By Catherine Powell
|Image courtesy Pixabay|
There's a fungus among us. At least there is when it comes to household mold. A member of the fungi family, mold loves warm, moist environments, which make them particularly fond of my home state of Florida. Mold has been known to grow on everything from drywall and tile, to wood, fabric, glass, and even paper, sometimes digesting the material upon which it grows. Unlike the birds and the bees, fungus can reproduce either sexually or asexually by emitting spores that are so minute that the tiniest puff of air causes them to waft far and wide. While most forms of mold are benign, some can cause allergic reactions or even render a home uninhabitable. Last but not least, the cost to remediate mold infestation in a home can be expensive, and in many cases it isn't covered by homeowner's insurance. Before you wind up being menaced by mold, there are a few things you need to know.
What is mold?
It's unclear how many kinds of mold there are worldwide, but estimates are somewhere around 300,000. Some of them that take up residence in our homes have strange names like, Alternaria, Aspergillus, Cladosporium, and Penicillium. They can come in a variety of colors and textures. It's not uncommon for mold to be misidentified as a simple stain or discoloration. The spores they reproduce are so tiny that they aren't visible to the naked eye, and they're so light that they can get transported by everything from your home's HVAC system to the slipstream created by a body passing nearby.
Since these forms of fungi are living organisms, they can only flourish if their spores land in areas that have ideal growing conditions. That's why mold commonly occurs in areas where floods or leaks have occurred. Their spores can enter a home through open doors, windows, chimneys, and vents. Even if they don't initially find a suitable place to grow, some species can remain in suspended animation for hundreds of years. Unless you work in an industrial clean room, it's certain that your home and place of business are full of mold sports. All it takes to cause them to grow and propagate is one leaky roof, window, shingle, or pipe.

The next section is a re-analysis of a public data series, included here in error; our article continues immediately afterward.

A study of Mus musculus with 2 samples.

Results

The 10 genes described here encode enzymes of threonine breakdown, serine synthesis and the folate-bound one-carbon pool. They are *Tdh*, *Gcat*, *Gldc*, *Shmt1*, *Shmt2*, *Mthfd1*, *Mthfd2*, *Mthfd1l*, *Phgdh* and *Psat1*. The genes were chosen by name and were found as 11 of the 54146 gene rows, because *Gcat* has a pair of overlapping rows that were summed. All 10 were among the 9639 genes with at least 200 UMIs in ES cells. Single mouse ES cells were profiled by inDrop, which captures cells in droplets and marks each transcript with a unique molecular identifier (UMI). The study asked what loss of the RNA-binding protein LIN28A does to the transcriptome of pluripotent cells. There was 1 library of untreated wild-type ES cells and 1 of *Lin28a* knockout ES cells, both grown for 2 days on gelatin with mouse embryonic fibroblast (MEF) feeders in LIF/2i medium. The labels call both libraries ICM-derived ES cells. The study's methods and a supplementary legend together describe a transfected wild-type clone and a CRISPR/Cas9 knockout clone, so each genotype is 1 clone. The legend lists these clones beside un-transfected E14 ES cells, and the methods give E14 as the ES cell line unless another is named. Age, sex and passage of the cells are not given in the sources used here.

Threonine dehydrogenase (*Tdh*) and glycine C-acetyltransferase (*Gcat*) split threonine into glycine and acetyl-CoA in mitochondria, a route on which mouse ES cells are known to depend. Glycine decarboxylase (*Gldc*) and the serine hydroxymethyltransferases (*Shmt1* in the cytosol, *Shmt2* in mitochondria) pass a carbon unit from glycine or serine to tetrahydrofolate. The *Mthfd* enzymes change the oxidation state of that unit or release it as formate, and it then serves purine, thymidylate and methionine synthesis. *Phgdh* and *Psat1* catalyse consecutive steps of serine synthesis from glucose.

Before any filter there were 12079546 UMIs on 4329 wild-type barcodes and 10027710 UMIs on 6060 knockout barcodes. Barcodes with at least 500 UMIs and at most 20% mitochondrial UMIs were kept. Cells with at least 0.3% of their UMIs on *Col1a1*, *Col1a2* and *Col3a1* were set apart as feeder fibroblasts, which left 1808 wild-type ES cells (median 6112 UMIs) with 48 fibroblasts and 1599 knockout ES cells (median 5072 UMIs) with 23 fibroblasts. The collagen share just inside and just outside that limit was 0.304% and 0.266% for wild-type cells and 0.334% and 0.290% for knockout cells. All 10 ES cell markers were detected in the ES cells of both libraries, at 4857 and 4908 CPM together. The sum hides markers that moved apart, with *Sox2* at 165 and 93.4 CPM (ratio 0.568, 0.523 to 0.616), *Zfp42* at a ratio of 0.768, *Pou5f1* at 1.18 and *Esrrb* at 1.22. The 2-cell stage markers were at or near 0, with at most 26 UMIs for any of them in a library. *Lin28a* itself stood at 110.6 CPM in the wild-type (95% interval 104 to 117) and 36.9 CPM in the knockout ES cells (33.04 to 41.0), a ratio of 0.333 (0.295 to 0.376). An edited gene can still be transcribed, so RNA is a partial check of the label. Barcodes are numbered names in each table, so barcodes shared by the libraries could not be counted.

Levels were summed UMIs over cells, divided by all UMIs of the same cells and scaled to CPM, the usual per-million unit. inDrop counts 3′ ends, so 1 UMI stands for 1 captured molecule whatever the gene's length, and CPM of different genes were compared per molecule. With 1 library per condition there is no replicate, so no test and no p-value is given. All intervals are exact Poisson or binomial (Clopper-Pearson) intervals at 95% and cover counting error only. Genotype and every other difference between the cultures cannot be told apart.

How can mold affect your health?
Depending on the type of mold being produced, there are a number of health risks associated with it. Some forms of mold can initiate a kind of biological warfare by triggering the production of bacteria and microbes that can cause an inflammatory response. The spores of Aspergillis can bring on an allergic reaction or breathing problems. Black mold can cause coughing, sneezing, rashes, nausea, vomiting, and bleeding in the lungs. Mycotoxins produced by mold can prove toxic if inhaled or ingested. If you or anyone in your family experience mold-related symptoms, do not delay seeking treatment. Prescription mold binders taken orally can help remove spores from the gastrointestinal tract. Nonprescription remedies such as modified citrus pectin has proven an effective mold detoxification agent as well.
How can you detect mold?
How can you eliminate mold?
Depending on the degree of mold contamination, it can sometimes be eliminated by cleaning with a diluted bleach-based solution or anti-fungal product available at the local hardware store. If the problem persists, installing a dehumidifier can help make the environment less friendly to these moisture loving fungi, provided you can keep the humidity at or below 50%. The installation of vents and fans can also help make life difficult for mold to propagate, since they prefer still air. If you discover large mold infestation, better to call in the professionals. They have the equipment and training to deal with what could prove to be a smelly, toxic mess.
How much does it cost to remediate mold?
Mold can prove rather expensive to professionally remediate. A moldy attic can cost anywhere from $1,000-$10,000 to clean, depending on the amount of collateral damage. Mold in your home's HVAC system can run anywhere from $3,000-$10,000 to remediate. Whole-house remediation of mold, such as that can occur after flood damage, typically costs between $10,000-$30,000. The longer the mold in question is allowed to propagate, the higher to bill to eliminate it.
When does homeowner's insurance cover mold damage?
The bottom line is mold can prove to be a silent menace that can cost home and business owners a lot of money. If you hope to keep fungi from taking a bite out of your wallet, here are some helpful tips:
- Inspect your home regularly and correct any problems that can provide a breeding ground for mold.
- Monitor indoor humidity. (Many modern thermostats provide this data.)
- Invest in a dehumidifier if you live in a humid part of the country.
- Keep the air moving by installing ceiling fans.
- Buy some anti-fungal products.
- Direct rainwater away from your property.